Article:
For regular readers of Living Wittily apologies for the absence over the past week or two. There have been other fish to fry, other books to read, other places to be, people to meet, and things to get done with some urgency and determination. Of the things to be done the most 'need to get this done' obligation is all about pensions! It isn't so much difficult as serious when you are making decisions about the rest of your life, when a big chunk of it is already behind you! And the pensions adviser is asking the necessary hypotheticals about what happens if.....!
This February I will reach retiring age, which for me living in 21stC Scotland, is 65, while for many younger than me that dateline age is a receding horizon; my children may have to work till they are 70 before state pension age. Inevitably, and quite properly, such a life event as a retirement date prompts some serious reflection on what has been and what still might be, what has been done and what can still be achieved.
So here are some ordinary conclusions which have grown out of some thinking and praying, swithering and deciding about this quite remarkable gift which we are right to take for granted, life. To take something for granted is not to undervalue its reality, it is to receive it as a gift without spending life and energy feeling guilty about it. The proper response is gratitude, and the best gratitude is our joy in the gift and in the generous love of the Giver.
Retirement is both an artificial label and a fiscal reality. I have no intention of stopping doing what I have done all my working life, though I may do less of it, and have more choice how long and how much. I preach, spend time with people in pastoral friendship, read and write sermons, teach and explore theology. Those choices of how much and hor often and how long I work are made possible by an income now unrelated to work done and hours contracted out.
Retirement from paid work is not retirement from vocation. Not everyone in our cultural climate would call what they do a vocation, a calling. But many do. And they are not just ministers of religion. Nurses, doctors, social workers, artists, teachers, IT specialists, pilots, fire service, police, naturalists, environmental officers - these are only some of the jobs that some of my friends would be just as passionate about as I am of being a minister. That's because they have a sense that what they do for money they don;t do just for the money. Unsurprisingly, that's also true of my own take on post 65 birthday.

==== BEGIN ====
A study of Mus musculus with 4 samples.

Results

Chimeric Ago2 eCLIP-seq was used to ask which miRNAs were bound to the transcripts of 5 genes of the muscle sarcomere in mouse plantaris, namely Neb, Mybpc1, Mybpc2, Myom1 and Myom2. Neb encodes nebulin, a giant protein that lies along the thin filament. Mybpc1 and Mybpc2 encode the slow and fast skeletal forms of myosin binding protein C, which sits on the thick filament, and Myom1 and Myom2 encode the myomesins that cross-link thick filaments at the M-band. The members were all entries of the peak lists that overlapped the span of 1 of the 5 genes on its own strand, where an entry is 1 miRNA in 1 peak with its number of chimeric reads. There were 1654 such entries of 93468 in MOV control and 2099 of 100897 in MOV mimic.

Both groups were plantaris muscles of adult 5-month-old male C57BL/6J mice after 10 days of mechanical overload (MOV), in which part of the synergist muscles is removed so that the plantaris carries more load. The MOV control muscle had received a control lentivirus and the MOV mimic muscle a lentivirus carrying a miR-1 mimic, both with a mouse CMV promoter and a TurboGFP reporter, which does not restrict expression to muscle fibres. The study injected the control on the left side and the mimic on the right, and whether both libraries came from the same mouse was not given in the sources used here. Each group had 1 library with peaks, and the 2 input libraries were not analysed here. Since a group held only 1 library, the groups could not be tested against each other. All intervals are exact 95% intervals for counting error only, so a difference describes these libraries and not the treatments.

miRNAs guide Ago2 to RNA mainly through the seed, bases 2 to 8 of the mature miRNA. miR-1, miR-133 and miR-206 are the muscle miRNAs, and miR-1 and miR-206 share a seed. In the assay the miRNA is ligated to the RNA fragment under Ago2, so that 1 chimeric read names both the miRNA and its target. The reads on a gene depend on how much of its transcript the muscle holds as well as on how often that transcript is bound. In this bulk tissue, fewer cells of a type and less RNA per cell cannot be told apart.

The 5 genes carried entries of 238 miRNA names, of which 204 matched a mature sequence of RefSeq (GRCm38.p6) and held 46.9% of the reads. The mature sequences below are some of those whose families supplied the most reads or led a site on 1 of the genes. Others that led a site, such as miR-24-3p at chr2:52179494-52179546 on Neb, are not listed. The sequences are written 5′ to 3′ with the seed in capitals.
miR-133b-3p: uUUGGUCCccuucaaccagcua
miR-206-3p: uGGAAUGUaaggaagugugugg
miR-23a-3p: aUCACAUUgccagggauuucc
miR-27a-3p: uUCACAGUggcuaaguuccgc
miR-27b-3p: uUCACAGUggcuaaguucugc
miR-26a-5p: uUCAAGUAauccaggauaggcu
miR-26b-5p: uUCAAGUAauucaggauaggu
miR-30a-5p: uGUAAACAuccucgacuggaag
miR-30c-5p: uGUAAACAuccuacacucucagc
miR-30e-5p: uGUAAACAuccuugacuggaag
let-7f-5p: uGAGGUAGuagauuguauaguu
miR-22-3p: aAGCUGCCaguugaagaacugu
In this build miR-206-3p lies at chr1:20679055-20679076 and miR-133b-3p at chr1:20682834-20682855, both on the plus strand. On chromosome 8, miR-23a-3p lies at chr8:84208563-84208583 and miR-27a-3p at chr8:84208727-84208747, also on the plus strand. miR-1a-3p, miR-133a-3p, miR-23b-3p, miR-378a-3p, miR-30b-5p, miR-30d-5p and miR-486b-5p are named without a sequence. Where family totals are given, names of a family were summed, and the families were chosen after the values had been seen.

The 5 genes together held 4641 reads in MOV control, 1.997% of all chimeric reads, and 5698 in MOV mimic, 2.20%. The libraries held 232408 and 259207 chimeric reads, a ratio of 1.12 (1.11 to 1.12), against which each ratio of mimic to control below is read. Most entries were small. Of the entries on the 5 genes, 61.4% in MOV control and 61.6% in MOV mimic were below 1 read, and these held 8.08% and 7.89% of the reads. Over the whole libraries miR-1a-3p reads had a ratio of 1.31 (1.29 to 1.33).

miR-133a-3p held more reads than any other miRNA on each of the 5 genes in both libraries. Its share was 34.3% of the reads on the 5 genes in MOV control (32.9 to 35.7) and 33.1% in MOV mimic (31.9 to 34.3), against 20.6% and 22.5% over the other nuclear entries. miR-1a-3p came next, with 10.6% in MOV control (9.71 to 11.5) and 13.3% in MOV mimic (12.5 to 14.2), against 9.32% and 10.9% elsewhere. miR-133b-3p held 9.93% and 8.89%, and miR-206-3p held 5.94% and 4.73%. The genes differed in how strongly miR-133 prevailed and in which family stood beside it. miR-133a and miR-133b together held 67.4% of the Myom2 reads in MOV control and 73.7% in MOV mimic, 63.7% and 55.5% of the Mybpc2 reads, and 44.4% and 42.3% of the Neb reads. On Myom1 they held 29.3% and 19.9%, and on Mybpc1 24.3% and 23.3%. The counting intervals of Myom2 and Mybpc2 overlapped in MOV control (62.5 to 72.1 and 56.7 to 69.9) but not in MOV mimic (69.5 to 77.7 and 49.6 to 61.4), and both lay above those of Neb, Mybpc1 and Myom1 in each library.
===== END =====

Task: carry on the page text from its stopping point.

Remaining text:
Retirement is an opportunity to make different choices and enjoy new opportunities. By the time you're 65 the bumper wisdom that says "Life is short, eat your pudding first" takes on a poignant urgency. So these next years it makes sense to do what you really want to do; to spend time with those whose presence and gift of themselves is fundamental to who we are; to gather the goodness of each past year into an external drive for safekeeping, there to ponder the grace that gave each day, grateful and glad for just being there to live it; to kick the bucket that holds the list and just do the blessed list! Well, within limits. Because there are limits. I've little patience with the can do mentality that seems to ignore all the reasons, good and real reasons of life obligations and resources, that stop us living every dream. But there are liveable, realisable, affordable dreams that still demand risk, energy, effort and the courage to reach out and embrace them in all their possibility.
Retirement is not about me; it is about me in relation to others. I am also tired of the me, me, me, litany of life that pervades the social media like an unexamined credo of the self. My own happiness is not always the most important thing. What I think of myself is not always the best criterion for self-knowing, self-awareness and self-transformation. What I want is not a Christian categorical imperative if what I want is achievable only at the cost and loss it causes others. It is still the case that of all the ways of living our lives, young or old, "the greatest of these is love." If life till 65 means I am now a graduate in the skills and knowledge of living, then post retirement is post-graduate study, researching wider and deeper on the mystery and miracle of human beings and human being.
So now that the forms are filled, the advice is taken, the process of pension calculation hums away in the background, very little has changed or will change radically on my birthday. But if as Kirekegaard urged, life can only be understood backwards and lived forwards, then I am also persuaded of the wisdom of Dag Hammarskjold: For all that has been - Thank you. For all that is to come - Yes.
(The photo is a small central panel from the current tapestry I am working, "Eucharist and Pentecost". Tapestry is for me a contemplative form of art, or an artistic form of spirituality.